Sri Lanka | Travel Stories

Coconut milk is extremely popular here in The Netherlands. We use the flesh of the coconut for all kinds of purposes. In our curries and soups, to make smoothies with, or as an alternative for whipped cream. You name it. Coconuts are also very healthy: they contain lots of vitamins, minerals and anti oxidants.

In December '14 I made a trip through Sri Lanka as some of you know. Together with Fairtrade Netherlands and a few other food bloggers we visited tea plantations and coconut farmers. Ever since, I value the products they make or process so much more. It is astounding to see people on the other side of the world, putting so much love into the products I eat or drink everyday.

As you can imagine, I only buy fair coconut milk. Especially because I know now how much a fairtrade certificate benefits these farmers. Take Sriyana for example. She lives in the south of Sri Lanka, near Tangalle, where she runs a coconut farm with 340 trees, on her own.

Sriyana is a 50-year old woman who lost her husband a couple of year ago. He knew all about cultivating palm trees, making sure their trees grew the best coconuts possible. But when he died, it was up to Sriyana to take over the business. She didn't know anything about the work, though. "My husband was responsible for everything." Fairtrade International helped her get up on her feet again. Her farm is part of the Fairtrade-program and therefore she receives a premium. The five year program Sriyana had to developed will help her increase her business and hence she'll earn a better living too.

We visited Sriyana on a sunny Friday afternoon in december. She lives in a colorful house surrounded by hundreds of palm trees. Fairtrade helps her with a number of things. For example, they taught her how to plant new trees, by showing her how to put a coconut correctly into the soil.

This way, in ten years there will be more than 300 new trees on her premises. They also installed an irrigation system, to set aside water for when there is a drought and built a fence to keep out wild animals and uninvited guests. Because of these measures, the quality and quantity of Sryiana's coconut harvest will increase. And with the help of Fairtrade, she is no longer alone.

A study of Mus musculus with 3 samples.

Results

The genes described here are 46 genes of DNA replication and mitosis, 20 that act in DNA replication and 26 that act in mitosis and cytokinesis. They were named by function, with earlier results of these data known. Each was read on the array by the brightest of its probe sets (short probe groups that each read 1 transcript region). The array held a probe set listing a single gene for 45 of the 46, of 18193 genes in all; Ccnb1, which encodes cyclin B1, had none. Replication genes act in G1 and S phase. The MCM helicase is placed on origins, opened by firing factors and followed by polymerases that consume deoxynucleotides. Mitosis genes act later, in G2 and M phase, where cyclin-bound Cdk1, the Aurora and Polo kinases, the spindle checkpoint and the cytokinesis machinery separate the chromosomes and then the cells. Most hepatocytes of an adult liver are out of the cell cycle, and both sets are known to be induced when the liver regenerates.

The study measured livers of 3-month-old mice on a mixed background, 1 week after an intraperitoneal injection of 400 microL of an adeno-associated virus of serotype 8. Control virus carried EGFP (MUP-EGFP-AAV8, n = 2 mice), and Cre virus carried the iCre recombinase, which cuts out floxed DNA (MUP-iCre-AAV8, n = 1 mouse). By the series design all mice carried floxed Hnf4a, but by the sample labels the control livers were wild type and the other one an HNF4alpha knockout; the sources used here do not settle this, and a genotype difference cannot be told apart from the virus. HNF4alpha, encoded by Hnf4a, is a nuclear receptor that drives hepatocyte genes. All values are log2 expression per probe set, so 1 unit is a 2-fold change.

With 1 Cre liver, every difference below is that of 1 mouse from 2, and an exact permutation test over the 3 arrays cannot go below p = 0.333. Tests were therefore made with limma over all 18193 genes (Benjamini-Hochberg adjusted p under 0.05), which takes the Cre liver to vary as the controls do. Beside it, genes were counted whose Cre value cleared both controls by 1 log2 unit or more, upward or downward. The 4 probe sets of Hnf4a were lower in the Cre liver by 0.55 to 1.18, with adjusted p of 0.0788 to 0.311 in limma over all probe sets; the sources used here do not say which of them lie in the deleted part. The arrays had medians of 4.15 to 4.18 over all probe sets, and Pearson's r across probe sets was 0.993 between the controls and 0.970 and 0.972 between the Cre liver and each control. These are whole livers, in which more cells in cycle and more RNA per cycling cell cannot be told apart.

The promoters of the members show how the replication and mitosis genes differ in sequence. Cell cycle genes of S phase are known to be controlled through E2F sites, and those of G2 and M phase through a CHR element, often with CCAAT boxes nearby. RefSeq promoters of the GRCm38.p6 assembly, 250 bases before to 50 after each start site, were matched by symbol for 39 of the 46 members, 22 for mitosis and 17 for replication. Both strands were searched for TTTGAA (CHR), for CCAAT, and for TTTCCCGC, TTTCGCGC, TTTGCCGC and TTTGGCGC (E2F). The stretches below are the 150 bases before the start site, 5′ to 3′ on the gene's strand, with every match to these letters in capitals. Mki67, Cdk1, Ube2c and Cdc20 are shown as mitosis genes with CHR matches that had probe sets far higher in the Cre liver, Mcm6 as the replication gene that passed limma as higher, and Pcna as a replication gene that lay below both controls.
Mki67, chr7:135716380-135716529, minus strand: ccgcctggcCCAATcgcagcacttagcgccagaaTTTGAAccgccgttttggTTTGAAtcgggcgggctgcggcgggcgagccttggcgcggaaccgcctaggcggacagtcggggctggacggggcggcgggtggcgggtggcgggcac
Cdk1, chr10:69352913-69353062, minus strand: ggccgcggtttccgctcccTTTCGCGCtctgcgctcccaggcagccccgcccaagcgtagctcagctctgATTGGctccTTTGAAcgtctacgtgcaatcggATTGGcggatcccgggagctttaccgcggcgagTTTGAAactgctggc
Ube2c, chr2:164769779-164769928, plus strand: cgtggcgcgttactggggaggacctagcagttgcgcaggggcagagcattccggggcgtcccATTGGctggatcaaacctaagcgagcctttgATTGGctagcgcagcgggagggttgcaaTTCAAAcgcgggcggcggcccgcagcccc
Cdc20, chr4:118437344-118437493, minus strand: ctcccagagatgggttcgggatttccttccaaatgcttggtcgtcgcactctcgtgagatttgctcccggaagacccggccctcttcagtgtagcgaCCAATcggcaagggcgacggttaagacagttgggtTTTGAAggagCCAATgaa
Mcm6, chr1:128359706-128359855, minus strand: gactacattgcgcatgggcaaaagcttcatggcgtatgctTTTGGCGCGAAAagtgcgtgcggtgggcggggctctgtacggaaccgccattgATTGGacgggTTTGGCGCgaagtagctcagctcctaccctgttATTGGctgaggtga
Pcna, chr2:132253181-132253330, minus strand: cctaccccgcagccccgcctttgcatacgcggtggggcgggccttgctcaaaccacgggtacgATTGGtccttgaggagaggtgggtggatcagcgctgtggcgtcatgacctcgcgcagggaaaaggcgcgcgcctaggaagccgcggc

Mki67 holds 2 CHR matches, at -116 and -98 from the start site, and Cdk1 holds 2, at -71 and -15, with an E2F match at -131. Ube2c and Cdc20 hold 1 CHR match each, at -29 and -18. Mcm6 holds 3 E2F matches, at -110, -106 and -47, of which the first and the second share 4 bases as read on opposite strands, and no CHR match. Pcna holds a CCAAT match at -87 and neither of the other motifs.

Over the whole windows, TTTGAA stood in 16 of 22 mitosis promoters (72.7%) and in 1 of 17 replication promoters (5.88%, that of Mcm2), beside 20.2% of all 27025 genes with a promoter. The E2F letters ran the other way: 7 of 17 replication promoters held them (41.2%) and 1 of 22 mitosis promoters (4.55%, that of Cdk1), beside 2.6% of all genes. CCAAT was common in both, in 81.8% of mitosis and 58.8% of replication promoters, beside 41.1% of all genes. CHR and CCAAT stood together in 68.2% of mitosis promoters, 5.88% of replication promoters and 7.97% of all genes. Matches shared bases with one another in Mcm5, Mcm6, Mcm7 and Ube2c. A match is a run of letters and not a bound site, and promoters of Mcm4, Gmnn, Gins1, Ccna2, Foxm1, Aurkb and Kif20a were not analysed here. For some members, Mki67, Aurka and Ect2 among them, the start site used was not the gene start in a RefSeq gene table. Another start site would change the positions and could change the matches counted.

Did you know that it can take up to one year before a coconut is ripe enough to be plucked? For one can of (400ml) coconut milk you need one coconut. Once every two months a plucker comes to gather the ripe coconuts at Sriyani's farm. And lucky us, he also came by on the day we were visiting Sriyana! After we drank our fresh coco water, we said goodbye and got in the car to drive to Samaraneyka and his family.

Samaraneyka is just like Sriyana a coconut farmer, but he's also a coconut collector. He drives past all the farmers in the area, collects the harvest, and brings the coconuts to the factory. Samaraneyka's wife and mother-in-law were in the kitchen during our visit and preparing a feast for us. And, a dream for every food blogger, we were allowed to help too. First, we grated the coconut flesh, after this we sieved it by using a cloth and ended up with a fresh batch of coconut milk.

The whole time I made notes. Writing, listening, paying attention like I never did before. Our entire trip we ate the most delicous dishes and I want to recreate all of them at home.

Dahl, pol sambol, curry. I tried to absorb the smell and flavour of it with all of my senses. We were not the only ones enjoying the moment. The entire family watched us taking notes and pictures. We ended the day sharing the most amazing homecooked meals. A precious experience.

Earlier that week, we were in a cooking class in Colombo, at the quiant deli of Ma's Food, a coconut manufacturer in Sri Lanka. There we learned to make Wattalapan, a Sri Lankan dessert. I'd like to share the recipe with you.

Foto's Sri Lanka: Ernie Enkelaar

Sri Lankan Watalappan

|serves 4 persons|

You need:

4 eggs
200 grams palm sugar
200 ml coconut milk
1/8 tsp nut meg, ground
1/8 tsp cinnamon, ground
1/8 tsp vanilla, seeds scraped
1/4 tl cardamom, ground
Cashew nuts, coarsley chopped
Desiccated coconut
Edible flowers (optional)

How to make it:

Preheat the oven to 180 C/350 F.

Add all the ingredients to a large bowl. Whisk by hand or with a stand mixer.

Pour the mixture into four ramekins or heat proof bowls/jars.

Put them in a oven dish and fill it with water halfway. Place the dish in the oven.

Bake the custard au bain-marie ready in approximately 30 minutes, or until they are set.

Remove from oven. Leave to cool for 15-20 minutes on room temperature before serving.

Garnish with cashew nuts, desiccated coconut and if you have them, edible flowers. Enjoy!